Bristol-Myers Squibb and ImClone have presented five year data demonstrating an improved survival rate for head and neck cancer patients when receiving Erbitux and radiotherapy. Erbitux was the first targeted therapy to reach the market for this indication and looks set to maintain its market share on the basis of this positive data.
The Phase III IMCL-9815 trial enrolled 424 previously untreated patients with locally or regionally advanced squamous cell carcinoma of the oropharynx, larynx or hypopharynx. Patients were randomized to receive Erbitux with radiotherapy (211 patients) versus radiotherapy alone (213 patients). Analysis of data at a five year follow-up was reported. Median overall survival was 49.0 months in Erbitux-treated patients and the five-year survival rate was 45%. This is in comparison with median overall survival of 29.3 months and a five-year survival rate of 36% for those treated with radiotherapy alone.
Erbitux is a recombinant human/mouse chimeric IgG1 monoclonal antibody. It binds to the epidermal growth factor receptor (EGFR) and prevents tyrosine kinase autophosphorylation, which blocks intracellular signal transduction and interferes with a variety of downstream signals critical to tumorogenesis and angiogenesis.
Erbitux was approved in the US and EU in 2006 for the treatment of locally or regionally advanced squamous cell carcinoma of the head and neck in combination with radiotherapy, and as a single agent for recurrent or metastatic head and neck cancer following the failure of prior platinum-based therapy. These approvals were based on three-year survival data from the Phase III IMCL-9815 trial.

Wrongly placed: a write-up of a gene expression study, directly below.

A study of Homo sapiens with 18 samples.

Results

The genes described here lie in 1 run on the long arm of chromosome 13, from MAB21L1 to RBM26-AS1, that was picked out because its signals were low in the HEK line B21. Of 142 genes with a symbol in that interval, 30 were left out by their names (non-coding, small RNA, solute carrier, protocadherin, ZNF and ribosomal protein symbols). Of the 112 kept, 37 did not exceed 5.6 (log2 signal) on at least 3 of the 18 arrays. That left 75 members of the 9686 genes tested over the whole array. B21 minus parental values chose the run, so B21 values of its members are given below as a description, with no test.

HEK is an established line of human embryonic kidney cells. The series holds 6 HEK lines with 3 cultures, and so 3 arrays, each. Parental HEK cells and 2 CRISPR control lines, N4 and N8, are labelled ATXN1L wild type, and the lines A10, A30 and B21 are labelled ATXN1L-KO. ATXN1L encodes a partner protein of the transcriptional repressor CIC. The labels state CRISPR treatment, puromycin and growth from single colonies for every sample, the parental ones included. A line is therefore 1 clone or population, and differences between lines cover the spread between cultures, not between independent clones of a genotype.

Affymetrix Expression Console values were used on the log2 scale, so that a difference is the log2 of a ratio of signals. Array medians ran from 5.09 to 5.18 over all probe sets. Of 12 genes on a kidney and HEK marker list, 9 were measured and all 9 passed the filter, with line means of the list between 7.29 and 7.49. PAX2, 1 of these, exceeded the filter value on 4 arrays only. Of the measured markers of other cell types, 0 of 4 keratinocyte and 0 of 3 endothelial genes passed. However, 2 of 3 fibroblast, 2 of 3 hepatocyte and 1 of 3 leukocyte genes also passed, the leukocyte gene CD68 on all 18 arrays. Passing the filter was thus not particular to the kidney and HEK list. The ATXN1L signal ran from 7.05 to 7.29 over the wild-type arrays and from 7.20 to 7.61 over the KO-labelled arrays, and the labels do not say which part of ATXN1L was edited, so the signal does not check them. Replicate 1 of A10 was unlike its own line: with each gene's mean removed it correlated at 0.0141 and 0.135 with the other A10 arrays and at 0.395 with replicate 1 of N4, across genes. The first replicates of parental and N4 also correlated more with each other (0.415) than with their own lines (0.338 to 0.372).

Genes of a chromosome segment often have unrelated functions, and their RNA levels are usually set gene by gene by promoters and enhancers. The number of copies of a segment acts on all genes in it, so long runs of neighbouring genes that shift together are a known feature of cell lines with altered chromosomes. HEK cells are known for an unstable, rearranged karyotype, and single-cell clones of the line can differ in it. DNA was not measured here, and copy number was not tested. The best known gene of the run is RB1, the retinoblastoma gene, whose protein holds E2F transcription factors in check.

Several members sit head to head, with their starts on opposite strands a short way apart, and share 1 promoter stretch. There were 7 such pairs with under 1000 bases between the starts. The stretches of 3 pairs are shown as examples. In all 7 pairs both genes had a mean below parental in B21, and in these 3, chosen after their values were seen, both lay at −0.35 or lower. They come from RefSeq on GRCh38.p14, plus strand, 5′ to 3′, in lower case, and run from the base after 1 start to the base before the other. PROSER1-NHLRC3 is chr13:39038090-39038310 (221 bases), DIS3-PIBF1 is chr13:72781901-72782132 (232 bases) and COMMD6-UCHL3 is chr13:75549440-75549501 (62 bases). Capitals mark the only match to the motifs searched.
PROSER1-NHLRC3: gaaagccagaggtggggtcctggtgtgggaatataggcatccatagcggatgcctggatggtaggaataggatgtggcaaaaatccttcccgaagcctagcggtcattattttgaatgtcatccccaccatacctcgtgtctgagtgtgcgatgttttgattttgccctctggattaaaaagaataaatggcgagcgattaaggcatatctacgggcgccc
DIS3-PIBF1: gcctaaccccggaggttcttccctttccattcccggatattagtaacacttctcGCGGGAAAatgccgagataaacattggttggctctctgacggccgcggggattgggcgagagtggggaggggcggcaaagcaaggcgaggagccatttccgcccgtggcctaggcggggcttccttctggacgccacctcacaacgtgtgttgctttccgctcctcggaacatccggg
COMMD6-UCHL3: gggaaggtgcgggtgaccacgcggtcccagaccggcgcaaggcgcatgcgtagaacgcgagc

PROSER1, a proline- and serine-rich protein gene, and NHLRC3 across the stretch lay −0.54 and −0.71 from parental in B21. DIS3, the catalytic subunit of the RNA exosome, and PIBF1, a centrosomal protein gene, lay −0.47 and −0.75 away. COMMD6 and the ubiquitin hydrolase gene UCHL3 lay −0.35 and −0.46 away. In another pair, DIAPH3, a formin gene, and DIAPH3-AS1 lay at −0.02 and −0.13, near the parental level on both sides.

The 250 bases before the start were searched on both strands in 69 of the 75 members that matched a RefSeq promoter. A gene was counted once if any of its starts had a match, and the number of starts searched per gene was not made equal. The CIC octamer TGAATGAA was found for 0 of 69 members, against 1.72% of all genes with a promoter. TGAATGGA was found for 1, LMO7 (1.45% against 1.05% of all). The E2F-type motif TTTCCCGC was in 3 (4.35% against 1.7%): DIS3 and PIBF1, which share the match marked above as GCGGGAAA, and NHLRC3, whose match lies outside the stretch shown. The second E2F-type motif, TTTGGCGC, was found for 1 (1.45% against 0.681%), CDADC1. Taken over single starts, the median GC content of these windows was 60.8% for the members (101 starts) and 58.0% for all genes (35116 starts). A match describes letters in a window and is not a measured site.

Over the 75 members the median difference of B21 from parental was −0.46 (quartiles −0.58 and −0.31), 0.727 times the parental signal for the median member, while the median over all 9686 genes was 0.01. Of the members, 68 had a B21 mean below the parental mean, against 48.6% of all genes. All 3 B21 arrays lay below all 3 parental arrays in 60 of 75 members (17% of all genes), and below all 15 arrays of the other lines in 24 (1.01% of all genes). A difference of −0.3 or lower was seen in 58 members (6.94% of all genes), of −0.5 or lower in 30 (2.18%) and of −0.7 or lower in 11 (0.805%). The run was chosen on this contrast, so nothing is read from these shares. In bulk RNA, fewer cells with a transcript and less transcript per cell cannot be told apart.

Although Erbitux is currently the only approved targeted therapy for head and neck cancer, there are a number of drugs in late-phase clinical trials, including several that also inhibit EGFR: Tykerb (lapatinib; GlaxoSmithKline), Vectibix (panitumumab; Amgen) and zalutumumab (HuMax-EGFR; Genmab).
Vectibix is likely to provide the strongest competition to Erbitux. It is a fully human monoclonal antibody which should in theory result in fewer side effects than Erbitux’s chimeric formulation. Like Erbitux, Vectibix is also approved for colorectal cancer, but Amgen’s drug is cheaper than Erbitux in this indication. However, it will be sometime before Vectibix reaches the market for head and neck cancer, ensuring that Erbitux faces no imminent threat.
The fact that Erbitux was approved for locally or regionally advanced head and neck cancer based on three-year survival data shows that the FDA and EMEA regard the drug as effective in this patient population. Positive five-year follow-up data will only serve to strengthen Erbitux’s position in this specific patient population and thereby allow it to maintain its leading status in the head and neck cancer market.